Prenesti v. State

Annotate this Case

594 P.2d 63 (1979)

Carmine T. PRENESTI, Appellant, v. STATE of Alaska, Appellee.

No. 3911.

Supreme Court of Alaska.

April 27, 1979.

*64 William H. Bittner, Rita T. Allee and Paul H. Grant of Birch, Horton, Bittner & Monroe, Anchorage, for appellant.

Steven J. Call, Asst. Dist. Atty., Harry L. Davis, Dist. Atty., Fairbanks, Avrum M. Gross, Atty. Gen., Juneau, for appellee.




Carmine T. Prenesti brings this appeal from a conviction for the misdemeanor offense of assault and battery, arising from a March 1976 incident in which he allegedly broke the leg of Randy Merriman by jumping on it. Charges were filed against him on October 29, 1976, and on June 24, 1977, he entered a plea of nolo contendere to the charge in district court. His entry of this plea was conditioned on the preservation of his right to appeal the district court's rejection of his motion to dismiss the complaint on denial of due process grounds.[1] On appeal to the superior court, Prenesti's conviction was affirmed. This further appeal followed.

Prenesti claims here, as he did in both the district and superior courts, that the state's eight-month delay in filing charges against him violated his right to due process of law under the fourteenth amendment to the United States Constitution and article I, section 7 of the Alaska Constitution.

To establish a due process denial resulting from pre-accusation delay, a defendant must show that the delay was unreasonable and that he was prejudiced by it. The burden of proving prejudice flowing from the pre-accusation delay lies with the defendant.[2]

Both the district and the superior courts ruled that the eight-month delay in filing formal charges against Prenesti was unreasonable, and the state has not convinced us otherwise. Both lower courts also concluded that Prenesti was not sufficiently prejudiced by the delay to warrant dismissal of the charges. Again we agree.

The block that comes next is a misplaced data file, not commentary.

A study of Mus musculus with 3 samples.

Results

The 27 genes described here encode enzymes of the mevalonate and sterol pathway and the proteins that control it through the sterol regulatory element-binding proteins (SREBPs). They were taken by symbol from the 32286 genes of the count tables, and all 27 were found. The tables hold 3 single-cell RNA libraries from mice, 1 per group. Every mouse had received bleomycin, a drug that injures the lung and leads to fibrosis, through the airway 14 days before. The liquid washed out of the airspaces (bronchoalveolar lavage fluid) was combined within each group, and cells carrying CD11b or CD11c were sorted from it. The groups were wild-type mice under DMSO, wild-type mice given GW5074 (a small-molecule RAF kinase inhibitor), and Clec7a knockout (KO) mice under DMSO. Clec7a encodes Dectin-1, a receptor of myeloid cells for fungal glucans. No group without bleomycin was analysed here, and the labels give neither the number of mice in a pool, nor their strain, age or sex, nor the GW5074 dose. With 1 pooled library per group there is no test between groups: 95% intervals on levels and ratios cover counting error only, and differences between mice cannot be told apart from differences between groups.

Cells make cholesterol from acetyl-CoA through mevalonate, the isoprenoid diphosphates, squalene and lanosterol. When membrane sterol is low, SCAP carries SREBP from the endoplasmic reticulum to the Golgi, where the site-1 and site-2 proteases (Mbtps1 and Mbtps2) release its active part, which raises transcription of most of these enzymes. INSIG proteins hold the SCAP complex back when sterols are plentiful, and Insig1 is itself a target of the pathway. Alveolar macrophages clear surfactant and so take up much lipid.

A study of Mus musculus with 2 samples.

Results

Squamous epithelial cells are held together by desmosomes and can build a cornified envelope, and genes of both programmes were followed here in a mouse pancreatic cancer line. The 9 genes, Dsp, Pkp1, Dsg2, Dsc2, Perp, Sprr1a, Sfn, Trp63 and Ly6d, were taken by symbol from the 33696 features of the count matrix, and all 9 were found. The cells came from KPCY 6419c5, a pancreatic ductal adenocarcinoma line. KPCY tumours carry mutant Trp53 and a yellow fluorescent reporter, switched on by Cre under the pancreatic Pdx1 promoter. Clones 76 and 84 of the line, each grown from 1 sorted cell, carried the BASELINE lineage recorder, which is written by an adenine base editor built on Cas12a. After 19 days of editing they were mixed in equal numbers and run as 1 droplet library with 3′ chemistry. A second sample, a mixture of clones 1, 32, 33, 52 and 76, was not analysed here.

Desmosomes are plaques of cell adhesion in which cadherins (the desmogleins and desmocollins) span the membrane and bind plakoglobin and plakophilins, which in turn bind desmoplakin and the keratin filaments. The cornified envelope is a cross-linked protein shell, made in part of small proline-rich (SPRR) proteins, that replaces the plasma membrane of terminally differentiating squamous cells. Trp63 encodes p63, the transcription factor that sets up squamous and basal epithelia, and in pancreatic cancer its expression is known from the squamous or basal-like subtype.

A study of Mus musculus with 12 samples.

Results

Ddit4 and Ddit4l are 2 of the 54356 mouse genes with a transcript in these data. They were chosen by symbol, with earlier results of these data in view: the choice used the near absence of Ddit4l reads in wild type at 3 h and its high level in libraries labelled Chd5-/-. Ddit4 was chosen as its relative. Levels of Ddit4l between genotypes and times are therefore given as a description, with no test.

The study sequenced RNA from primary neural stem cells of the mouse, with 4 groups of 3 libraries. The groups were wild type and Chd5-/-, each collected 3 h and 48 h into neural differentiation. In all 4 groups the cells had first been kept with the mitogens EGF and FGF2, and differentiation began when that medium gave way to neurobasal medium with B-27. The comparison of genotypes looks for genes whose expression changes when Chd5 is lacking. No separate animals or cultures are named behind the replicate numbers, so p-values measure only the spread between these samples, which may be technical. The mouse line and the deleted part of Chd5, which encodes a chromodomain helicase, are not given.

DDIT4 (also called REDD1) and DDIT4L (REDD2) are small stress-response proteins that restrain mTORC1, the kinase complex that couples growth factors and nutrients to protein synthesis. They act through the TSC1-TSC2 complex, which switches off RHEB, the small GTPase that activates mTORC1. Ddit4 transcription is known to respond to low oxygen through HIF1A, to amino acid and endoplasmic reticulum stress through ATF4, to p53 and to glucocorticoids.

Prenesti's central claim is that, because of the delay, he was unable to locate several possible eyewitnesses to the incident who might have exonerated him, since they had left the Fairbanks area before charges were brought. However, he offered no evidence *65 to show that these individuals had, in fact, witnessed the incident.[3] Further, we agree with the superior court that the loss of these witnesses was due to Prenesti's failure to exercise due diligence in his own behalf. He became aware that he was the subject of a police investigation two months after the incident, but did not hire a lawyer until three months after that time or an investigator until seven months had passed.[4]

Prenesti also claims that prejudice resulted from the disappearance of other witnesses, the loss of material evidence, and the faded memories of those involved in the investigation.[5] Whatever prejudice, if any, that may have resulted from these causes is, in our view, insufficient to establish a denial of due process.

The decision of the superior court, affirming the district court's denial of appellant's motion to dismiss the complaint on the grounds that his due process rights were violated by pre-accusation delay, is Affirmed.

BURKE, J., not participating.


[1] Prenesti expressly reserved his right to appeal on this issue and a resolution of this issue in his favor on appeal would result in a reversal of his conviction. The requirements of Cooksey v. State, 524 P.2d 1251, 1255-57 (Alaska 1974), are thus satisfied. The further requirement that the parties must stipulate with trial court approval that the issue reserved for appeal will be dispositive of the entire case, announced in Oveson v. Municipality of Anchorage, 574 P.2d 801, 803 n. 4 (Alaska 1978), does not apply in this case, since Prenesti's plea was entered before the publication of that opinion.

[2] See Coffey v. State, 585 P.2d 514, 519-20 (Alaska 1978); Yarbor v. State, 546 P.2d 564, 567-68 (Alaska 1976); Marks v. State, 496 P.2d 66, 68-69 (Alaska 1972).

[3] Prenesti's contention that such witnesses might exist is apparently based on the testimony of the victim that while he was waiting for the ambulance he noticed people looking out of their windows.

[4] See United States v. Erickson, 472 F.2d 505 (9th Cir.1973) (although defendant was notified he was a suspect four and one-half months after the theft, he waited eleven months after notification before hiring an investigator; hence, pre-accusation delay of one year was not denial of due process).

[5] However, at least two prospective witnesses were still in Fairbanks, but refused to talk to Prenesti's investigator. No effort was made to subpoena those witnesses.